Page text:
To most Americans, the governments in their towns and regional areas called counties are the governments they interact with the most. And alongside these local governments are groups of citizens who work on their own to make life better. In this segment of a multi-part series, VOA's Jeffrey Young focuses on a private-sector initiative in Montgomery County, Maryland meant to ensure health care for all.
When you are sick or injured, you need a doctor. If you're in Montgomery County, Maryland and can't fully pay for treatment, there is MobileMed.
Montgomery County, a suburb of Washington, D.C., has plenty of doctors and health facilities. But, as is common across the United States, it takes cash or health insurance to get medical care. That is why, 40 years ago, several Montgomery County doctors formed a non-governmental, non-profit organization called Mobile Medical Care -- MobileMed for short.
MobileMed Executive Director Bob Spector says a lot of people need help.
"Mobile Med serves more than five-thousand of the most vulnerable residents in Montgomery County, that for a variety of reasons have no access to health care. They have no insurance. They are out of work. They are recent immigrants."
MobileMed serves the community through 19 clinics and three mobile vans that are doctors' offices on wheels. The vans and other facilities were made possible because of partnerships MobileMed has with several area hospitals, major charities, private sector sponsors and the government of Montgomery County. Patients only pay a small sum for their visits and treatment.
The clinics and vans are staffed by nearly 30 medical personnel, including nurse practitioner Barbara Beuchert. She says she and her colleagues see just about every illness.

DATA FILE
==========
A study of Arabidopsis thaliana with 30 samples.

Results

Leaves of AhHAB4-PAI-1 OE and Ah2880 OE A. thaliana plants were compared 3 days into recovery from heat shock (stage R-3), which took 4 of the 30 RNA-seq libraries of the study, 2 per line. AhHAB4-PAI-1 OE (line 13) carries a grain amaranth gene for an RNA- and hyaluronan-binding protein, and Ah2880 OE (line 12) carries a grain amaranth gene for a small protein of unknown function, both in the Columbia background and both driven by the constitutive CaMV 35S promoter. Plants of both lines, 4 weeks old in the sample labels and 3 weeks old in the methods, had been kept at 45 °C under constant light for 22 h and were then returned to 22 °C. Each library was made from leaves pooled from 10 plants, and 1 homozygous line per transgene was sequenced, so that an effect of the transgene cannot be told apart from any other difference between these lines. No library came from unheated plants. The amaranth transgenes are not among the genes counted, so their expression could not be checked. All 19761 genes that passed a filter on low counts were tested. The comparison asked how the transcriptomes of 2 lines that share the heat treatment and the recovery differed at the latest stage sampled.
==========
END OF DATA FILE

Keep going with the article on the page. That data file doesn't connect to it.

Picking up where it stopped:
"They come [to MobileMed] for chest pain, they come for women's health, they come for cough, back pain, [and] headaches. And many times, we find much more serious medical problems with them."
Kodjovi Messie is a doctor who emigrated from the West African nation of Togo. He says there are a number of people who come to MobileMed with serious illnesses that have often gone undiagnosed and treated.
"When they [patients] don't have medical insurance, they don't see doctors as often as they should. And when they come here, we find out that a lot of them have had diabetes and high blood pressure and didn't even know [it]"
In order to best communicate with Montgomery County's sizeable immigrant population, MobileMed employs many staffers who also come from those parts of the world. Haney Shamil says she is a welcome face.
"When Ethiopian patients come here, to see somebody who speaks their language, and see somebody who knows their culture, it makes them feel very comfortable."
MobileMed's staff speaks at least eight languages, and there are clinics that focus on immigrants from China, Korea, Iran, Hispanic countries, the Horn of Africa, and French West Africa and Haiti.
Having such language and cultural abilities enables medical personnel to get more detailed information about illnesses and problems in order to best treat them.
MobileMed's staff could earn far higher salaries in private clinics. But they say this is not a matter of money. It's a matter of feeling responsible for the well-being of others.
Listen to our special report for Lao translation.